Violin Memory sells a solid state disk (SSD) appliance, using DRAM and not flash memory, and FalconStor is supporting this to make its latest software perform very much faster. Blocks and Files was able to talk with Morgan Littlewood, VP of Marketing at Violin Memory, and ask him some questions about solid state disks.
B&F: How would Violin compare and contrast its Memory appliance to TMS's RamSan products, both the DRAM and DRAM-cached flash memory products?
Morgan Littlewood: The TMS Ramsan 400 provides 128GB of DRAM in 3U. Violin 1010 provides 504GB in 2U... it’s about 6X the density in a rack and 80 percent less power per GB. These benefits translate into a 50 percent lower total cost of ownership.
DRAM cached Flash in the RAMSAN 500 behaves like Flash for random reads. There is a 200 microsecond access time. The Violin 1010 with DRAM has a 3 microsecond access time…it's 65 times faster.
The Violin 1010 with Flash is not yet available, but will be significantly denser and more power-efficient again. We'll say more later this year.
B&F: I'd like to understand Violin's view of the EMC Symmetrix arrays with a tier 0 of STEC flash memory SSD drives.
Morgan Littlewood: Today's storage systems are designed and optimized for rotating disks. The total system is very large, expensive and slow when compared with a memory appliance.
The Violin 1010 memory appliance is designed from the ground-up for just memory. The Violin 1010 with DRAM is similar in price to the high performance disk storage system with Flash and is 65 times faster. The Violin 1010 with Flash will have a much better price/performance characteristic and consume much less space and power.
B&F: What is Violin's view of how the SSD market and products are going to develop. How will the cost per SSD GB progress over the next few years.
Morgan Littlewood: We expect Flash prices to continue to drop with Moore's law and multilevel cell technology.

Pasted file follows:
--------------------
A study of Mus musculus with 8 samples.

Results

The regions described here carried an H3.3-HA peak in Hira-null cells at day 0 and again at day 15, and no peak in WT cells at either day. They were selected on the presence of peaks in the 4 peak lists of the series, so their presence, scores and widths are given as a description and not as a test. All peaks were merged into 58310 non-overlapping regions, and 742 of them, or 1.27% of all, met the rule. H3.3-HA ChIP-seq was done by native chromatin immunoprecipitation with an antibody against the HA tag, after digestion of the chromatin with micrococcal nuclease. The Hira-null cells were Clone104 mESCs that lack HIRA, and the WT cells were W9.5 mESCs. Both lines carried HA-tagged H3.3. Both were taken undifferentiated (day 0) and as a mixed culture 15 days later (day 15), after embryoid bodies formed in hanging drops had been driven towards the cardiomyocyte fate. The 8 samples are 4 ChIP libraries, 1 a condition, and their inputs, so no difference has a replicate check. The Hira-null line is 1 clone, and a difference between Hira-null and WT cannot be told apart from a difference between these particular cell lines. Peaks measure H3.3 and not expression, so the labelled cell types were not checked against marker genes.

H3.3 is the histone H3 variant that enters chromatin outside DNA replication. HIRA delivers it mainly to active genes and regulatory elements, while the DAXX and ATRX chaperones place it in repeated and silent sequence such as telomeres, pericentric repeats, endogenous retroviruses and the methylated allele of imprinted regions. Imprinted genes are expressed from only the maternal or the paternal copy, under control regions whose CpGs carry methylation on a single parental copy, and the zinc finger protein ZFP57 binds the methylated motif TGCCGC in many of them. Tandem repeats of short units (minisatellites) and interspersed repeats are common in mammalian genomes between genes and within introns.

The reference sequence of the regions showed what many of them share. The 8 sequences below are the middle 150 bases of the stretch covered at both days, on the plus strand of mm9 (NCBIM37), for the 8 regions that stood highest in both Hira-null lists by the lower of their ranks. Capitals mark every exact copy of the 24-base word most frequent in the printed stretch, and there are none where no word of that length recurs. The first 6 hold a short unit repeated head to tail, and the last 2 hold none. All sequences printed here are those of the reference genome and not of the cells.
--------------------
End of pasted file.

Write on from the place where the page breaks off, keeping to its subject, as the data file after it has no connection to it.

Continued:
B&F: How will write cycle endurance progress? What will happen with regard to single layer cells and multi layer cells.
Morgan Littlewood: For Flash chips the endurance cycle gets worse with multilevel cell technology. It is the systems that have to solve the problem for the users. In the end there will be many classes of Flash storage, just like there are many classes of disk drives.
DRAM should be used for high frequency write applications, like caching, high performance databases and metadata. A mix of the two technologies is likely to be the best solution for many applications.
B&F: Does Violin see any significant technology improvements to flash SSDs coming along? Intel's Numonyx JV with Micron has talked of Phase Change Memory. Does Violin think this has credibility?
Morgan Littlewood: It’s difficult for systems builders to use a technology which is not sampling and for which there is no pricing. Short term it’s unlikely to have an impact, but longer term it could be interesting given its technical attributes of low read and write latency.
The Violin 1010 is unique in that it can support any memory technology. If Phase Change RAM is made available and cost competitive, we would build a new VIMM (Violin Memory Appliance) to support it.
B&F: Does Violin see itself being impacted by a patent infringement-chasing Seagate (re its suit against STEC)? What does it think of Seagate's legal attack?
Morgan Littlewood: We are interested spectators cheering on STEC.